Deep down, many of us share the same secret thought: What would it be like to chuck the city life, disconnect from the “real world” and live totally off the grid? Alaska is the perfect place to give it a try.
Simplify your life. A streamlined, quiet life without all the stressors and clutter of city life sounds pretty nice to most of us—but the catch is, it takes work to get there. In order to survive in an idyllic cabin in the woods, you have to first be able to fit all the stuff you need in that cabin and adjust your energy demands to fit your supply. Maybe that means cleaning out closets and paring down your wardrobe to a few super functional items. Maybe that means weaning yourself off the TV, since you might not have enough energy to be running a home entertainment system. You probably won’t be getting any cable, anyway. Sounds pretty peaceful, right?
Suss out your water supply. If you’re not hooked into a municipal system, you’ll have to figure out where you’ll get your water, and how you’ll treat it. Will your place have a well? Rain buckets? Does a stream run alongside it? Figuring out where your water will come from will help you decide how—and whether or not—to treat it or filter it. It will all depend on the particular spot where you decide to settle.
Hook up your own energy. Want electricity? Unless you choose to live by firelight, you’ll need some sort of self-sufficient energy system. The good news is, home systems are more accessible and affordable than ever. Some people choose wind-power systems, some opt for solar. Which one you choose might largely depend on which of those two natural resources you’ll have more access to where you choose to settle. For example, if you’ll be living somewhere with super short days during the winter (like Alaska), solar power might be a problem. Some people hook up a combination of the two.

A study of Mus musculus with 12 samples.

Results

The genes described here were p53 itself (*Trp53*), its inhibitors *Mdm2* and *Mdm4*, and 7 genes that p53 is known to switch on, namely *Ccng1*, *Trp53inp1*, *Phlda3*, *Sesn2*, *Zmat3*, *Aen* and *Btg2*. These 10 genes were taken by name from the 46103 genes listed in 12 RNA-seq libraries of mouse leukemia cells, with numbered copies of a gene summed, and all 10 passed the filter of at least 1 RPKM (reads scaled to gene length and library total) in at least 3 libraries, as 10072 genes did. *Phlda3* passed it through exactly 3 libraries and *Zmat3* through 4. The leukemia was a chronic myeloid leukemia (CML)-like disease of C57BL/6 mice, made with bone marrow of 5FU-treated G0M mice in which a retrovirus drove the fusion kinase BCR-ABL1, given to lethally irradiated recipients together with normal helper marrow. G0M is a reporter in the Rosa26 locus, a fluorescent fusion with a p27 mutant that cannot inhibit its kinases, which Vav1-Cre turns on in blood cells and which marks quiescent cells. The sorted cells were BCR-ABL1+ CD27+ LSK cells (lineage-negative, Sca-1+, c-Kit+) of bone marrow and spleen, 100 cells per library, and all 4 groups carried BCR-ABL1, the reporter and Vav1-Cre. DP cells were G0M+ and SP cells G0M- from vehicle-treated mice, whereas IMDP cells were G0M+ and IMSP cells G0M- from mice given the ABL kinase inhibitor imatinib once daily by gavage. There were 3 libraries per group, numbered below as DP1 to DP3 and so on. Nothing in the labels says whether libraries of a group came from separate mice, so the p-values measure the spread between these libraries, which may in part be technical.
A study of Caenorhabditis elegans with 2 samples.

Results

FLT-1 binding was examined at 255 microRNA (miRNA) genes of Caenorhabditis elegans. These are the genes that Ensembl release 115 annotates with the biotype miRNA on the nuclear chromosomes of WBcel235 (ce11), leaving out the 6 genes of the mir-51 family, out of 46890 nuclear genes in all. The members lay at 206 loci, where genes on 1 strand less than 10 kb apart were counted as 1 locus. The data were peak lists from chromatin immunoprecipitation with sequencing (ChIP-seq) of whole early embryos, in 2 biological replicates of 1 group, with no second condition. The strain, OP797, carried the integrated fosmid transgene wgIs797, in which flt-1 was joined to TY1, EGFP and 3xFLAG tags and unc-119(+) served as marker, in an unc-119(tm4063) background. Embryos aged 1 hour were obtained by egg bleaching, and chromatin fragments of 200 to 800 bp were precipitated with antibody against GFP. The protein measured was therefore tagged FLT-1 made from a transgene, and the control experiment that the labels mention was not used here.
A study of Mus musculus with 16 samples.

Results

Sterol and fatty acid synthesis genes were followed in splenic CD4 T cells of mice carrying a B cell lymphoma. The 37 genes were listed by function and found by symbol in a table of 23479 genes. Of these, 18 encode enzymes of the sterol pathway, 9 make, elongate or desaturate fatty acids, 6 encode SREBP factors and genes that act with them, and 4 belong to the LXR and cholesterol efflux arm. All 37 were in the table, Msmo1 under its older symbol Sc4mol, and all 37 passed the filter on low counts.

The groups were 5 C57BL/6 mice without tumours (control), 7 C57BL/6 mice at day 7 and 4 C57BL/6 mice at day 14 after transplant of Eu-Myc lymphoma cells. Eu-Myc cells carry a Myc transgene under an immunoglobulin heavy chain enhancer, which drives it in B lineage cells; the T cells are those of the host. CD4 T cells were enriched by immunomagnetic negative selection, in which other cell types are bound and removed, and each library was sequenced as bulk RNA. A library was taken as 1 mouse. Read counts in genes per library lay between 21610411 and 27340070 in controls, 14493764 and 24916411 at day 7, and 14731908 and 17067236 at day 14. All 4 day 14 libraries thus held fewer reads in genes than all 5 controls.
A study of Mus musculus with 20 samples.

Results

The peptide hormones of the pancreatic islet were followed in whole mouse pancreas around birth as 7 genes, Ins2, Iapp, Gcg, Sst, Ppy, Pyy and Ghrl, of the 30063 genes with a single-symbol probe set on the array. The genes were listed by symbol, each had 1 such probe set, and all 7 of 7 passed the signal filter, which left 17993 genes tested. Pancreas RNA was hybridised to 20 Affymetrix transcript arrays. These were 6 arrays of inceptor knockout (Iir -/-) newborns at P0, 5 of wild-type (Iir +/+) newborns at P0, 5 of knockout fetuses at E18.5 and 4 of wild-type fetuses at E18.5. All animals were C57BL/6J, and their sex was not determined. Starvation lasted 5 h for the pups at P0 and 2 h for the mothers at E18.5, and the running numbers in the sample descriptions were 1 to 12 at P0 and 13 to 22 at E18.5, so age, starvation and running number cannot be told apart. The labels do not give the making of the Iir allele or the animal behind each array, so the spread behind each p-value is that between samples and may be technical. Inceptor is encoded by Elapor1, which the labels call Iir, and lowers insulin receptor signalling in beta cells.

Nail down a food plan. Here’s the thing: Living off the grid usually means you can’t just stroll over to your neighborhood supermarket every day. Even if you decide you don’t need to be completely self-sufficient, you’ll have to plan ahead to make sure you have what you need to survive far away from conventional food supplies. Maybe that will mean buying in bulk and stockpiling. Maybe that means starting your own subsistence garden. Or raising a few animals for eggs, milk or meat. The easiest way to transition is slowly, instead of trying to do a whole slew of things you’ve never done all at once.
Figure out waste disposal. Sure, it might seem simple to figure out your energy, food and water supplies. But what will you do with the waste you produce? Odds are, you won’t have a trash truck coming by once a week. Or a sewer line hooked up. Thankfully, composting toilets aren’t too difficult to set up, and with a little creativity, lots of household trash can be reused or recycled, if not composted. It just takes a little planning and execution.
Set up a PO box or UPS Store box—if you want. How off the grid do you really want to be? Even if you don’t have Internet access or phone service, you can still go old-fashioned with a PO box or a UPS Store box. They’ll hold your mail in town, so you can receive packages and pick them up when you want—no home mailbox needed.
The beauty of life off the grid is that it can look however you want it to look. You can go as simple and homespun or as luxurious as you want—it just takes some work and preparation. And few places offer such beautiful opportunity to try it out as Alaska.